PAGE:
IAAF Gender Testing Policy Denounced As Bad Science And Discrimination by Bioethics Panel
she blinded me with science
In 2009, South African athlete Caster Semenya won gold in the women’s 800m at the World Athletics Championships. With barely enough time to bask in her achievement, Semenya was thereafter subjected to a publicly humiliating “gender test” and forced to withdraw from the rest of the competition. Now, a Stanford bioethics panel is contesting this practice, citing it as an unnecessary, poor application of the science of hormones.
Semenya was essentially turned into a spectacle because she is an intersex person, a term that denotes a category of conditions that result in uncommon combinations of physical sex characteristics. In her case, her medal was contested because she does not have ovaries, she has internal testes, and consequently produces a larger amount of testosterone than most women.
In light of her testosterone levels, and the fact that she had won the race, the International Association of Athletics Federations instituted a policy that held that women with unusually high levels of testosterone would be banned from competition unless they lowered their hormone levels via surgery or drugs. This policy was based on the assumption that “androgenic hormones (such as testosterone and dihydrotestosterone) are the primary components of biologic athletic advantage.” The IAAF planned to instate these regulations as early as this year’s London Olympics.
However, a panel of scientists, sports experts, and bioethicists from the Stanford Center for Biomedical Research has recently stepped up to challenge this policy and the entire notion that higher levels of testosterone result in a fundamental physical advantage in sports, releasing a critique of the policy today in the American Journal for Bioethics.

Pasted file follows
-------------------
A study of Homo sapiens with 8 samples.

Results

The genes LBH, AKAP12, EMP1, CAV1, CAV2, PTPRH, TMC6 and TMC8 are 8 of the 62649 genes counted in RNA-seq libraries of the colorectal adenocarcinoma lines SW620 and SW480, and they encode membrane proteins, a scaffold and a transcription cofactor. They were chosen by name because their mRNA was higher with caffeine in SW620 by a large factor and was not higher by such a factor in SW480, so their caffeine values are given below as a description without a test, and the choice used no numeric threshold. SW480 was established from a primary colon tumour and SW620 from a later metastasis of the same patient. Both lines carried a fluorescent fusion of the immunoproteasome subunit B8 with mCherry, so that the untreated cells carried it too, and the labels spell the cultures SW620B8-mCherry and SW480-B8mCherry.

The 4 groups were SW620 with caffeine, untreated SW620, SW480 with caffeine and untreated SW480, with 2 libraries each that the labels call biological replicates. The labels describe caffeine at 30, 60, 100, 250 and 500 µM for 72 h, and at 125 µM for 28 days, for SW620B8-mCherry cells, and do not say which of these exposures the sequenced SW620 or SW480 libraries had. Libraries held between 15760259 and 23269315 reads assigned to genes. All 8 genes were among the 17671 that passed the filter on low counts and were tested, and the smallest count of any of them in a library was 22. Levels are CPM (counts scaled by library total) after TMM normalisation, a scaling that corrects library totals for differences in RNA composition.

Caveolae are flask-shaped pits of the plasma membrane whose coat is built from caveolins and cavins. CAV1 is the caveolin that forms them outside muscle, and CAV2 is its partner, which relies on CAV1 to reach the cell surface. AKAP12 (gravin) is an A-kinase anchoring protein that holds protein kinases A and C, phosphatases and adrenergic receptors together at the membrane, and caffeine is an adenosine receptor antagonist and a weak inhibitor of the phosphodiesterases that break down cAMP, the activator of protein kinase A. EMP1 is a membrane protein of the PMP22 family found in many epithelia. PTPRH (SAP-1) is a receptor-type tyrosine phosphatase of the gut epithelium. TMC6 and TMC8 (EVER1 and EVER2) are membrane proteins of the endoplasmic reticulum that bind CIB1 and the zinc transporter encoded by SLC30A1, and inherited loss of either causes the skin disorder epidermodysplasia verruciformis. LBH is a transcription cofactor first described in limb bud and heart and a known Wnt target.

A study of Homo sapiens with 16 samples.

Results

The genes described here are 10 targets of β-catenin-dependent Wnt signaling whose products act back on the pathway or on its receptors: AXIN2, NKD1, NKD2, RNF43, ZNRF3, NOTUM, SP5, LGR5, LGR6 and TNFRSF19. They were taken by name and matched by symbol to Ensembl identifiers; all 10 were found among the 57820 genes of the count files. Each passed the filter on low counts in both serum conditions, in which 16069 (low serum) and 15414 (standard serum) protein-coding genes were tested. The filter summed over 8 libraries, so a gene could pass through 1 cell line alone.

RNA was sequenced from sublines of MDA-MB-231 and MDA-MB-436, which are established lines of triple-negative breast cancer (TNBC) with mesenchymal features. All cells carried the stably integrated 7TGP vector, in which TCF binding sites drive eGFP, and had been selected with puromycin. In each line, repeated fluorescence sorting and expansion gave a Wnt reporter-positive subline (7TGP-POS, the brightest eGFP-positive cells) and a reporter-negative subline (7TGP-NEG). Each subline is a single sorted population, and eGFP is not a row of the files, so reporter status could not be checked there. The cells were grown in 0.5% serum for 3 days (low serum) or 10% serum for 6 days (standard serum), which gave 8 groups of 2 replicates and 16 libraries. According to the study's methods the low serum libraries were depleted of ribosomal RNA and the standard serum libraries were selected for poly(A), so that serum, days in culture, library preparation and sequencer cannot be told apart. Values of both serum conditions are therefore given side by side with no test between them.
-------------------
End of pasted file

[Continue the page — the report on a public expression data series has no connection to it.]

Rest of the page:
In addition to the gender test being a gross invasion of privacy, it is fundamentally flawed in that there is no simple link between testosterone and athletic advantage. According to Rebecca Jordan-Young, “individuals have dramatically different responses to the same amounts of testosterone, and it is just one element in a complex neuroendrocrine feedback system.” The panel argues that athletic performance is not wholly decided by hormone levels, and that there are a variety of other biological variations that could influence performance that they are not testing for, including a “rare mitochondrial variations that give them extraordinary aerobic capacity” and “acromegaly, a hormonal condition that results in exceptionally large hands and feet.”
These conditions likely aren’t tested for, however, because they aren’t tied up with a rigidly enforced sex and gender binary, where women and men fit into discrete categories with appropriate levels of certain hormones (regardless of the fact that “it’s not known what typical testosterone levels even are for elite female athletes.”) As Monica Roberts on TransGriot points out, “if it coincides with what the ‘experts’ consider as ‘too rapid’ athletic performance for a woman, she may find herself being subjected to a battery of embarrassing and invasive tests just to prove to cynical skeptics that she’s ‘woman enough’ to compete in elite sports with other women.” As such, “gender testing” functions less as an instrument to “level the playing field” for women and more as a tool to police the gender of women athletes, women who are often denigrated for being “too manly.”
The panel recommends that the IAAF end gender testing entirely, citing both the psychological impact that such discrimination has on women athletes who undergo the test, and the fact that it is a policy wholly formulated upon misused science and a threat of cheating that has never proved to be a significant problem.